Samuel James Shaw
222 Pte. Samuel James Shaw was born on 5th February 1876 at St Helenes, Lancashire, England to Thomas Shaw and Jane Roberts. He was working as a colliery laborer in 1911.
He served with the Imperial Royal Garrison Artillery from 1906.
Samuel arrived at Melbourne from Plymouth on the Katoomba on 30th August 1913.
He was a farm hand at Rhyll when he enlisted on 10th February 1916 at Melbourne with A Company of the 39th Battalion.
Samuel embarked on HMAT Ascanius on 27th May 1916 landing at Plymouth on 18th July. He undertook four months training at Larkhill then proceeded overseas to France attached to 3rd Division Head Quarters on 23rd November.
Samuel was detached from 3rd Division Headquarters to the 39th Battalion at Rouen on 4th May 1917.
The Battalion took part in the Battles of Messines, Broodseinde Ridge and Passchendaele
“The battalion's first major engagement came at Messines, in Belgium in early June 1917. The battle began badly for the 39th. Near Ploegsteert Corner, during the march to the line of departure, the battalion suffered a high number of casualties following a German gas attack which subsequently resulted the 39th only being able to muster about a third of its manpower for the attack, amounting to an assault force of only 120 men. Despite this, the 39th was quickly re-organized into a single wave, and attacking on the 10th Brigade's right, it subsequently overcame the initial German opposition facing them and then, during the second phase of the battle advanced south of Douve, on the southern edge of the Messines Ridge. It was involved in further fighting north of Grey Farm, where they were initially held up by German machine-gun fire, but after this was overcome they continued to advance to their final objective, eventually digging-in 100 yards beyond the farm, having managed to capture all of its objectives. Later, in October, the 39th Battalion took part in two other major attacks in that same sector, firstly at Broodseinde and then at Passchendaele, the first of which was a brilliant success, while the second was a disastrous failure.”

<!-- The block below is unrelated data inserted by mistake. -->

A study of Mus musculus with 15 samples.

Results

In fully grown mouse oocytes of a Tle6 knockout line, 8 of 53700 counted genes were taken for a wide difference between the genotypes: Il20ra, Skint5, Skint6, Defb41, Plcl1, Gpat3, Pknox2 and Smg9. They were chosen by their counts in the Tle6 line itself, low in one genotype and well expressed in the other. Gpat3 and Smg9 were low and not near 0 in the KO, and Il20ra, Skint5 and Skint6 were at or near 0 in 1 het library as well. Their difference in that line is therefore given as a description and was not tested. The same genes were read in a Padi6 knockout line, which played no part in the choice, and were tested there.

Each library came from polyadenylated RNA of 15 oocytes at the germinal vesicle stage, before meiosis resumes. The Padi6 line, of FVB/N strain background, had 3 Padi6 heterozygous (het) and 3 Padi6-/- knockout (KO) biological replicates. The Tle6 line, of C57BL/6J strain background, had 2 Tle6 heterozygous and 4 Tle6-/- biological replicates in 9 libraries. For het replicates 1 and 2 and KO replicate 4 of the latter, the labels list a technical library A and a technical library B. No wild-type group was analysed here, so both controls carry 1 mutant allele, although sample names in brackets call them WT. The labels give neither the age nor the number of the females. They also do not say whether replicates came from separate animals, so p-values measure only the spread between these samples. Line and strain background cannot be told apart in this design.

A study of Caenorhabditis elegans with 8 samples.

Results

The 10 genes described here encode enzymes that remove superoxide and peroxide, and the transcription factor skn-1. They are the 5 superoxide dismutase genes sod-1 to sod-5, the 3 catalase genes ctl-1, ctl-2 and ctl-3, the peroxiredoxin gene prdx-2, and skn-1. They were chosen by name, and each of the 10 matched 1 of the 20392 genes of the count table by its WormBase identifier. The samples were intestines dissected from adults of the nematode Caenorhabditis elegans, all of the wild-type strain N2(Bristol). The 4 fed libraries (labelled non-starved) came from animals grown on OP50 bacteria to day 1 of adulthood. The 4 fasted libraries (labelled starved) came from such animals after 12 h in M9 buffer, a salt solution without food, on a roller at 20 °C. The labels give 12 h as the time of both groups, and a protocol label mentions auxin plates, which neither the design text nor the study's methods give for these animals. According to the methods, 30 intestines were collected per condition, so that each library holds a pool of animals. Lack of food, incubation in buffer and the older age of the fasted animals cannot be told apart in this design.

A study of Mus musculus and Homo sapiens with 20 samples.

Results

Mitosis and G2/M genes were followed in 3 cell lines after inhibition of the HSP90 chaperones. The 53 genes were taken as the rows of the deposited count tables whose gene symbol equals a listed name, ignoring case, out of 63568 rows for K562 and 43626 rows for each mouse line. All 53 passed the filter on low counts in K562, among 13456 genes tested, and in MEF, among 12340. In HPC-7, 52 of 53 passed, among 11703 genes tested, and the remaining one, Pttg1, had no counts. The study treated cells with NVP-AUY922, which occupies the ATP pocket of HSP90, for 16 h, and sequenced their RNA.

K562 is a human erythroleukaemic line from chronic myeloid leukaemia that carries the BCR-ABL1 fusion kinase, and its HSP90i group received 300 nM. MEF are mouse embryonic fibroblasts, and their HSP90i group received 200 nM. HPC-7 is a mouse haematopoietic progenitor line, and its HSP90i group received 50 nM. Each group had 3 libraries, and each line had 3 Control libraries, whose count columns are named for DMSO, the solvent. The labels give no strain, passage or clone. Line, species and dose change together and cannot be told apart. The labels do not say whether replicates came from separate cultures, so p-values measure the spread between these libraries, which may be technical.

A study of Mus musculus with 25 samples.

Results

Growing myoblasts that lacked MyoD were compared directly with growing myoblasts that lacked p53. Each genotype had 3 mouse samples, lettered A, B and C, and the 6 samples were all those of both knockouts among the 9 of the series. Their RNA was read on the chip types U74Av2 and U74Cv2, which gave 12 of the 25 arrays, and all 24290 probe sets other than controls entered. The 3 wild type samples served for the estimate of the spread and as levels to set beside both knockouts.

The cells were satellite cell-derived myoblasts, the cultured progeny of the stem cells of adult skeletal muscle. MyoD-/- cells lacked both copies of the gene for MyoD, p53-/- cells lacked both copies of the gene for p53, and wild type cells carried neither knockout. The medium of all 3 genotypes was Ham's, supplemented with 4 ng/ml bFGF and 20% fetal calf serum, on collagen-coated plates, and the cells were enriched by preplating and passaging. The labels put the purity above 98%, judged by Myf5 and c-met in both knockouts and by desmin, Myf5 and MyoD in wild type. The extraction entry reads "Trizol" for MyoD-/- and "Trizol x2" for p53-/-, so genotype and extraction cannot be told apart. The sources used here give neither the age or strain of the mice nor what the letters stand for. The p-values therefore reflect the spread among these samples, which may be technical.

The Battalion then held the line in Belgium from October to March 1918 then took part in the Spring Offensive on the Somme from March to June. The Allies then launched their Hundred Days Offensive on 8th August 1918 with the 39th in reserve. The Battalion remained in the line with the 3rd Division advancing through the Somme Valley until early September.Their last major battle was at St Quentin Canal at the end of September.
Samuel returned to Australia on 6th November 1918 on HMT Marathon suffering from chronic rheumatism and returned to farming at Rhyll for a couple of years then left the Island.
He was living in Melbourne West when he died on 22th October 1939 at Heidelberg and was buried at Springvale.
Samuel James Shaw is commemorated on the Phillip Island Book of Honour, the Phillip Island Roll of Honour and St Philip’s Church Roll of Honor.